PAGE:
Dr Bryan AshworthOne of the University of St Andrews’ medical graduates has left an estimated £600,000 legacy to benefit medical research.

The distinguished neurologist Dr Bryan Ashworth (MB ChB 1952 and MD 1969) has bequeathed one fifth of his estate to the University’s School of Medicine. The bequest represents the largest single gift to the new School of Medicine since it opened its doors in November 2010.

His legacy will support the continued work of the University’s internationally recognised research programmes in areas including; cancer biology, infection and immunity, child and adolescent health, and health psychology.

After studying at the University of St Andrews as a student, Dr Ashworth returned as an Honorary Senior Lecturer (Medical History), 1997-2002. His far-sighted commitment to the University will ensure he continues to be part of its future, as well as a respected figure in the University’s history.

Principal and Vice-Chancellor Professor Louise Richardson said:

“Our great universities have always thrived because of the generosity of graduates like Dr Ashworth. He received his university education thanks to a scholarship and he has generously chosen to create a lasting legacy with this donation.”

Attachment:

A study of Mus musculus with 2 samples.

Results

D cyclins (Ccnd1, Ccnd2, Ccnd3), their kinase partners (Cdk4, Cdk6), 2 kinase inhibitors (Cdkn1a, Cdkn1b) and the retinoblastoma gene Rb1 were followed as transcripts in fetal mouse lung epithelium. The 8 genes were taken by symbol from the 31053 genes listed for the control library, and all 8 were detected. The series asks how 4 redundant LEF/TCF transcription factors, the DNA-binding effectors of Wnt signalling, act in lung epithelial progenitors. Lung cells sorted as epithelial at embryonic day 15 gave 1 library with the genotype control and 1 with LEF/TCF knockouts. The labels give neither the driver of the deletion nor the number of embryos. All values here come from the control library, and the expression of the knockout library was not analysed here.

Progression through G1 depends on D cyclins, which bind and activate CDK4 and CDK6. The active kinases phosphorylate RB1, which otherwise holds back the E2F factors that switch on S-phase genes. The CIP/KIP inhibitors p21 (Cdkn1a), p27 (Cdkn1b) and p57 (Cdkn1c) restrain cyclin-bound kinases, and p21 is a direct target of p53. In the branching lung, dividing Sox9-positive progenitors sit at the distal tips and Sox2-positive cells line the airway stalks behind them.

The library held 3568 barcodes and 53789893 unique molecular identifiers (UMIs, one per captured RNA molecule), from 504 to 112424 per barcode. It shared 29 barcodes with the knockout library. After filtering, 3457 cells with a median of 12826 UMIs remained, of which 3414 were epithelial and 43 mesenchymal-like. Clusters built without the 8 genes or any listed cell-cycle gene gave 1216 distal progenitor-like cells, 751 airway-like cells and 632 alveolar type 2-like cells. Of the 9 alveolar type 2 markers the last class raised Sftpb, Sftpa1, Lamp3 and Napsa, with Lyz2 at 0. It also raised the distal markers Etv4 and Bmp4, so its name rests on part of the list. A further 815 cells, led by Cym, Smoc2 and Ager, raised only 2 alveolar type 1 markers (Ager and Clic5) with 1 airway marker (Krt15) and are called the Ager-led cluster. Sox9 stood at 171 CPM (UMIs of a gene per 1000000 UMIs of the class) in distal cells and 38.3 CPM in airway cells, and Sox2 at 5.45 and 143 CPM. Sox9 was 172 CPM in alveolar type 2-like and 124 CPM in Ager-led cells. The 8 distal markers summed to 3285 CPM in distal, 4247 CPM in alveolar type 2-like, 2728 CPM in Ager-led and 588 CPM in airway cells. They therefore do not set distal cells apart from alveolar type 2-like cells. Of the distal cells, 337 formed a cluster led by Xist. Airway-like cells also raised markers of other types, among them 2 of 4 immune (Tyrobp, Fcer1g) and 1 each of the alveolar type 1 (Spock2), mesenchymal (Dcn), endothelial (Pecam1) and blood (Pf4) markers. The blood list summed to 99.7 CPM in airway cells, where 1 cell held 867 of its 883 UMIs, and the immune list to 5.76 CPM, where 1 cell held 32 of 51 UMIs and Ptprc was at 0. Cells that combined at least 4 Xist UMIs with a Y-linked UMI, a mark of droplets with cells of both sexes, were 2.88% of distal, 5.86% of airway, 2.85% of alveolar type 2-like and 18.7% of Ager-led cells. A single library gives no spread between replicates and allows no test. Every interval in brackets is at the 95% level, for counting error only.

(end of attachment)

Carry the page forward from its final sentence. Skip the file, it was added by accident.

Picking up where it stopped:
Dr Ashworth has now joined the long lasting tradition of giving to the University of St Andrews by leaving a legacy bequest.

Every gift, no matter how large or small, makes a real difference to the University. To receive a copy of our legacy brochure and to find out more about the ways in which your legacy bequest could benefit the University please email legacies@st-andrews.ac.uk.

Alumni and friends of the University of St Andrews, who commit to leave a bequest to Scotland’s first university in their wills, have their support recognised by an invitation to join the Chancellor’s Circle. The Chancellor’s Circle is a society which guarantees members exclusive invitations to special Chancellor’s Circle events.

Chancellor Sir Menzies Campbell said:

“Legacies can be used in many ways to promote scholarship, to enhance the fabric of University life, to promote academic excellence and to preserve and protect the considerable heritage of bricks, mortar and scholarly works that are part of the unique treasures of St Andrews.”